Hansen, cinema studies founder, dies

Miriam Bratu Hansen, Ferdinand Schevill Distinguished Service Professor in the Humanities and founder of the U of C’s cinema and media studies department, passed away February 5 after battling three forms of cancer. She was 61.

Hansen also held a professorship in the Department of English Language & Literature, where she studied American and German cinema, international silent film, classical and contemporary film theory, theories of mass culture, modernism and modernity, theories of the public sphere, and the Frankfurt School.

“Very intense, extremely driven, and if you were her student you had not only an advisor but also a surrogate mother,” said Yuri Tsivian, a friend and colleague of Hansen.

“Her greatest academic contribution,” he said, “is her book Babel and Babylon, in which she defined the new understanding of film reception and offered a new unprecedented and deep insight into a film that everyone early on thought everything was known about. And this is the famous classic Intolerance by David Griffith.”

Hansen’s work has helped pioneer the study of observance as it relates to cinema, and how the audiences of older films were intended to view and engage with early cinema. She closely studied early silent films in the context of observance because of their unique ability to engage audiences using only the visual medium.

Hansen’s relation to the Frankfurt School of social theory, a 1930s group of neo-Marxist thinkers that included Walter Benjamin and Theodor W. Adorno, influenced her understanding of the role of cinema in America. She studied with Adorno at the Johann Wolfgang Goethe-Universität in Frankfurt before teaching at Yale and Rutgers, and then eventually came to Chicago in 1990.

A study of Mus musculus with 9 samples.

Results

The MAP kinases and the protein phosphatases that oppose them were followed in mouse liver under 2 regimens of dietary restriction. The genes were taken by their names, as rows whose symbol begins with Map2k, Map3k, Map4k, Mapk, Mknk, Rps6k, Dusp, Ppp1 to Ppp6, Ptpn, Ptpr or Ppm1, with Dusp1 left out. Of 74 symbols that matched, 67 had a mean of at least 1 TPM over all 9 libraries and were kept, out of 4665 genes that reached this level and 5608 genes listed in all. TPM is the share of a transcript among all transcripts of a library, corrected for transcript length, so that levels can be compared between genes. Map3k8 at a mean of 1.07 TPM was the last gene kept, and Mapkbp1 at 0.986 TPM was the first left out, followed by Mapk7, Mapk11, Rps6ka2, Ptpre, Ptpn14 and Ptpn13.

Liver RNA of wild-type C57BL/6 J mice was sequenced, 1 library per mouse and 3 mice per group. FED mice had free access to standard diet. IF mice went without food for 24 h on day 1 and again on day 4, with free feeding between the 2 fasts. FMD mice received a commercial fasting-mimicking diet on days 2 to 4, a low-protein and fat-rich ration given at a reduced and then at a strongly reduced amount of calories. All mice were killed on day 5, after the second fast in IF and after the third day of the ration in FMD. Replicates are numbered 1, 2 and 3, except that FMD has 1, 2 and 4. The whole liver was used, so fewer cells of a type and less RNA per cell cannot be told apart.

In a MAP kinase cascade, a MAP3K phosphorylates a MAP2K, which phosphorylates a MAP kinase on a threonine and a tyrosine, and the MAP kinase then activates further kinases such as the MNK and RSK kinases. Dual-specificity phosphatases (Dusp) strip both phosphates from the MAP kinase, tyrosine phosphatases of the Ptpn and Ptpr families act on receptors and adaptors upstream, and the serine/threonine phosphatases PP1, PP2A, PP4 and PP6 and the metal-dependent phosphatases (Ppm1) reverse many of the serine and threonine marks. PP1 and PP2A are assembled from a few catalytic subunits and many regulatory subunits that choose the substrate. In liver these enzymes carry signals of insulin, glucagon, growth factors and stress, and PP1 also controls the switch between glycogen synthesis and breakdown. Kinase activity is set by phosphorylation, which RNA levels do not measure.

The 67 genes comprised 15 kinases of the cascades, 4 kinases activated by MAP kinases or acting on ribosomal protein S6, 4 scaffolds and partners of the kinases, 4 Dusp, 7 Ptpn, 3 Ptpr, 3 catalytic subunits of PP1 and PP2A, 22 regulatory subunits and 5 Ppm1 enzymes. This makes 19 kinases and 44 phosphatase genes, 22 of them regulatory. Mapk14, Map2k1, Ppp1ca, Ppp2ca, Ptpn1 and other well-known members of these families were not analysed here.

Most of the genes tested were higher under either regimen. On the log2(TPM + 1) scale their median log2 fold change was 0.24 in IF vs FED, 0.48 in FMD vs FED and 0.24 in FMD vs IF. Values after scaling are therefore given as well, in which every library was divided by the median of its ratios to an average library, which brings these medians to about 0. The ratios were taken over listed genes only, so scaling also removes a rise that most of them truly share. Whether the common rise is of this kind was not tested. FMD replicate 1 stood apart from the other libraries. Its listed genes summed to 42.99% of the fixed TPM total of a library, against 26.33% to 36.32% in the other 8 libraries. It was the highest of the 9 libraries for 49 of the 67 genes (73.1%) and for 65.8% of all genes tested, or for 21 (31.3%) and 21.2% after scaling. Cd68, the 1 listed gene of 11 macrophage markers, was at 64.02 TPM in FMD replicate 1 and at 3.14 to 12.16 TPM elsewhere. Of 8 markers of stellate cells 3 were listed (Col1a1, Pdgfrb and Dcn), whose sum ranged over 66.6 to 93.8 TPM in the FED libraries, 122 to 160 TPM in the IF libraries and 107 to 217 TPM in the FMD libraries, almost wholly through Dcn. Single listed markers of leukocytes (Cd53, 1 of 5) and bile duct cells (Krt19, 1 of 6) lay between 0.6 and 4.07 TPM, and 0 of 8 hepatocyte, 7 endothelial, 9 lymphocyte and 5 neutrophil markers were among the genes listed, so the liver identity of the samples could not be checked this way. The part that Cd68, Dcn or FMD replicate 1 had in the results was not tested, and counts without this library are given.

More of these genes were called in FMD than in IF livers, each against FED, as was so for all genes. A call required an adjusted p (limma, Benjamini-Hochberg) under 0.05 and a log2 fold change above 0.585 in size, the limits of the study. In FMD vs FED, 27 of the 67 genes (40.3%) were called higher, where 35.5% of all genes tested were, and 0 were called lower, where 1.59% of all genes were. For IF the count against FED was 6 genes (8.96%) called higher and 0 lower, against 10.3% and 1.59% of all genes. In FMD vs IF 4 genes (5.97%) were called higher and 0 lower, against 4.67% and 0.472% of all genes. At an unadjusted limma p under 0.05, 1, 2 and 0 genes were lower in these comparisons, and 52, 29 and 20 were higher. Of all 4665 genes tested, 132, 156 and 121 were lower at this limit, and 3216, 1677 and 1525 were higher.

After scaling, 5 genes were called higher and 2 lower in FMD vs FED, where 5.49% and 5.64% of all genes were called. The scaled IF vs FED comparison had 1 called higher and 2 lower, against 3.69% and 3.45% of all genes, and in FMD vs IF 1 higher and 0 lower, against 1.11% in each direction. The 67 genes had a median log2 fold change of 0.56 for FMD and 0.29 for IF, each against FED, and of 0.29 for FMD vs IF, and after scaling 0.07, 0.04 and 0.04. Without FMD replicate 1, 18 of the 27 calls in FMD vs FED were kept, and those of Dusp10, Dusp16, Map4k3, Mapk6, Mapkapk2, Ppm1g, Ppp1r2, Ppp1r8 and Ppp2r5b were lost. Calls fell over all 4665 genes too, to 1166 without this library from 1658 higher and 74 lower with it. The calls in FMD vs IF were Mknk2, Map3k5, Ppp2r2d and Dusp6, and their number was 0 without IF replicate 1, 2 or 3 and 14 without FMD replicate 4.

The University of California Press had planned to publish Hansen’s latest book in the spring, on the Frankfurt School of cultural theory and cinema. However, due to her death, the publication of the book may by delayed until later in the year.

“She devised and named a new theory, which she called vernacular modernism, which explains the back-and-forth between American Hollywood cinema, and its East Asian, Chinese, or Japanese counterparts,” said Tsivian. “[It’s] what Japan and China took from Hollywood and what they changed according to their vernacular need.”

Miriam is survived by her husband, Michael Geyer, a historian at the University, whom she married in 1991, and by her brother, Micha Bratu.